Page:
Article • March 09, 2020

These software suites are naturally tailored to a particular manufacturer’s devices, but share a significant amount of functionality.

While configuring individual modules is clearly important to getting any system running, designers need a complete overview of the whole power system and how the modules are interacting to understand any issues that need to be addressed. Modern power development software recognises this and provides advanced functionality that will support the process from prototype to production.

Software is generally run on a host PC and communicates bidirectionally with the power system via a common bus such as PMBus. USB adapters are available for this purpose, enabling rapid and reliable connections. Examples include TI's USB-TO-GPIO2 adapter.

Figure 1: Power design software typically supports the design cycle from prototype to production

Most software works on the basis of a ‘project’, and the first step for designers is to establish the project as a file on the PC, using the power design software. The first step in the workflow is to build the system by selecting each of the devices within it. This work is all completed ‘offline’, and devices are selected from a manufacturer-supplied library that is embedded within the software.

Given the vast number of products available from most manufacturers, a product search function is usually available. This will allow search by part number if this is already known, but other searches such as product type, output voltage/power or feature/function as well as physical device size are also often available. Regularly updating the software will ensure that all of the latest devices are available to be selected.

The next step is to use the software to establish the basic parameters of the system – this would include setting up the PMBus addresses and definitions of all of the voltage rails in the system. Designers will then use the software to further configure each rail, defining parameters such as the voltage, ramp times, fault parameters and more – depending on the capabilities of the module(s) that are powering each individual rail. For more sophisticated systems that comprise fully featured modules, the final part of the set-up is to configure system-level functionality such as voltage rail sequencing, tracking and phase spreading.

All of the work to this point has been completed offline and no PMBus connection is required, nor is any hardware or soldering irons. At this stage, it is possible to create a system configuration file that can be used to configure the devices/system in a manufacturing environment.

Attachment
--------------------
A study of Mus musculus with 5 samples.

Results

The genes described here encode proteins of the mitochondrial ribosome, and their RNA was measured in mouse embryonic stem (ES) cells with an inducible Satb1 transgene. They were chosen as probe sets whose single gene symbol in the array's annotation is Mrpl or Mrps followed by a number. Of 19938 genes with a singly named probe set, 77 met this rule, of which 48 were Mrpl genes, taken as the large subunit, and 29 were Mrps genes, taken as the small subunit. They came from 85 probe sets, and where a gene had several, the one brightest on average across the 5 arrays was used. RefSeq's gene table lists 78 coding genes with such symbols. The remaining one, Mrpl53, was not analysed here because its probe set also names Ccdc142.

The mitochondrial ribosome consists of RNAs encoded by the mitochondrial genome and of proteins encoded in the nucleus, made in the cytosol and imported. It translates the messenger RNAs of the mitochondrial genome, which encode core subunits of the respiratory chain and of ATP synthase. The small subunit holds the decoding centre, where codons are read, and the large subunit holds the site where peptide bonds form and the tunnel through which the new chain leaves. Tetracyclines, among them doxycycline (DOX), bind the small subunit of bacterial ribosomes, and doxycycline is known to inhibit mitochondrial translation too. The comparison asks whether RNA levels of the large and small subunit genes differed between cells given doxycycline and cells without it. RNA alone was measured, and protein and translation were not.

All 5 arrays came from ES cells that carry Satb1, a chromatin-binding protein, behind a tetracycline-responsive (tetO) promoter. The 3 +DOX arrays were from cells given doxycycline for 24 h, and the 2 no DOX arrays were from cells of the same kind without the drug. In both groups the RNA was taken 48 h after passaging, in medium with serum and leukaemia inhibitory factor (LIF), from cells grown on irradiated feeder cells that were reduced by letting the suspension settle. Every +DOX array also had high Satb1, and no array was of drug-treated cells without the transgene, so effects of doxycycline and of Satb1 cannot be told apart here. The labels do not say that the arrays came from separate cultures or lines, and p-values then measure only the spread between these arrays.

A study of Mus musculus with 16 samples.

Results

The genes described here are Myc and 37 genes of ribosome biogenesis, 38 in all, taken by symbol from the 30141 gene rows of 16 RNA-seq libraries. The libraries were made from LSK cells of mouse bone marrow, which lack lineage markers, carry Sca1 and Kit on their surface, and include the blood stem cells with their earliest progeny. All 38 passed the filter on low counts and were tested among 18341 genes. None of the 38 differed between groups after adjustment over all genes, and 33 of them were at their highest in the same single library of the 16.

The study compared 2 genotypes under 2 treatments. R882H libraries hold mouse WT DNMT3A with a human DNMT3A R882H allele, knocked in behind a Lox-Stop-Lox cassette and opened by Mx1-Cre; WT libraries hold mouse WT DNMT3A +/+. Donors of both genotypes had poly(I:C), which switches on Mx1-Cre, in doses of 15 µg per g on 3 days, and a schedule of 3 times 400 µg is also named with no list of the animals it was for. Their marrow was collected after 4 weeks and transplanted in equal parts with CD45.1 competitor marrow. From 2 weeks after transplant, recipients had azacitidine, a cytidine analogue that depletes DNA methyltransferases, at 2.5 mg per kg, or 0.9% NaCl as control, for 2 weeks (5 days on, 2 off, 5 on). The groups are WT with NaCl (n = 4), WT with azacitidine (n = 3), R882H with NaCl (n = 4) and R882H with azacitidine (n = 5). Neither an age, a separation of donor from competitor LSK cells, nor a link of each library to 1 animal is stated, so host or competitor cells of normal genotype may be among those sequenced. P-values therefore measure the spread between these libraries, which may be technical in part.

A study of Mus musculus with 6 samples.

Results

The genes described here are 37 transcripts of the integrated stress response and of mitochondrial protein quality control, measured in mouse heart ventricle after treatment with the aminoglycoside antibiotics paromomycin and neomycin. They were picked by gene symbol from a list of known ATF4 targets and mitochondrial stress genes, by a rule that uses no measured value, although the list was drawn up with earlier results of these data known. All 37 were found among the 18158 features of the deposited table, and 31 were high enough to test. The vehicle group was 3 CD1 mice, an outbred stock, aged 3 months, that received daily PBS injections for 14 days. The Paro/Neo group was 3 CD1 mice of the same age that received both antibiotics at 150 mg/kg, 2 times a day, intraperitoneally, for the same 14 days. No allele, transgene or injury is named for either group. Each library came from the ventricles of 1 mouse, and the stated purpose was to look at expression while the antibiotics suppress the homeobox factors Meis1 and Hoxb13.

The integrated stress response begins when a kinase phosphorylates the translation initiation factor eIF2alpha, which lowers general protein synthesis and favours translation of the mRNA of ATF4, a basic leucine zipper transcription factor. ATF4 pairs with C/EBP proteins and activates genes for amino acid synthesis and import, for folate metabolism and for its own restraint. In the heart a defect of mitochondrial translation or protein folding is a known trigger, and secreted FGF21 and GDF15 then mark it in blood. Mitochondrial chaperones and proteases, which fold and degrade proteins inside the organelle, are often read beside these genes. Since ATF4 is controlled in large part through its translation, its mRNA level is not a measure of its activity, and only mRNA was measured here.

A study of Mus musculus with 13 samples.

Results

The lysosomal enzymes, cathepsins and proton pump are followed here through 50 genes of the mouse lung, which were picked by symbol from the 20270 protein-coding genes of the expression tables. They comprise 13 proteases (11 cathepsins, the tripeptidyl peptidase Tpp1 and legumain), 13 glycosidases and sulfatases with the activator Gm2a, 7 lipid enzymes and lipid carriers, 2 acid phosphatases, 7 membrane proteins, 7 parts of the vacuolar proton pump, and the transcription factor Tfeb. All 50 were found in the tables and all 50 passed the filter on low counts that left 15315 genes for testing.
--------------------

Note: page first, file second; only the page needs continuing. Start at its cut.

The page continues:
However, at this point designers generally opt to test the configuration in hardware. Using the communication bus (usually PMBus), all of the configuration information is sent to the modules and stored in onboard non-volatile memory (NVM).

Hardware evaluation and monitoring

Modern power design software generally offers far more sophistication and functionality than simply configuring the modules and system parameters. As designers run the system under power to check and tweak the operation, most software will allow detailed monitoring of performance.

At the most basic level, voltage rails can be monitored, but there is far more data generally available from power modules. Depending on the software package and modules being used, designers will be able to monitor parameters such as voltage and current at multiple points as well as module temperature, duty cycle and operating frequency. These parameters can be monitored continuously and advanced software will be able to give a graphical representation of each parameter against time, with selectable sampling intervals and monitoring duration, enabling designers to understand exactly how the system is operating.

Many power modules contain circuitry to detect faults such as over-voltage, over-current, over-temperature and more. Power design software is also able to monitor these alarms and faults and, using the parametric traces, designers can understand the exact system condition immediately preceding the fault condition.

Figure 2: Configuration can be sent and read back from physical hardware

Design and development is by its very nature an iterative process, and power design software recognises the need to adjust and adapt designs for optimum performance. Designers are able to read back values stored in RAM on the modules and then make configuration adjustments within the software before reloading the adjusted parameters to the modules and continuing the analysis of the physical hardware.

Once the development phase is complete and the design has stabilised, the software allows the configuration to be written to a final configuration file that can be used within the manufacturing environment.

Thermal analysis and evaluation

Until recently, the only significant functionality not present in power design software was the ability to perform detailed thermal simulation of the design. Given the performance and power density typically required in today’s power systems, simulation and analysis can ensure that there is sufficient design margin under all operating conditions.

Earlier this year, Flex Power Modules recently launched V3.0 of its Flex Power Designer software which uniquely contains this thermal analysis as standard. Armed with this new feature, designers are able to fully simulate the thermal performance of their designs and see the effects of altering key parameters such as ambient temperature, PCB copper thickness and forced air cooling.

The simulation tool provides a graphical output showing the dependencies between multiple parameters, such as temperature against output current, input voltage or fan speed. Based on this information, designers are able to confirm that their design meets any derating guidelines and complies with safety agency requirements, thereby reducing the risk of weaknesses in the design.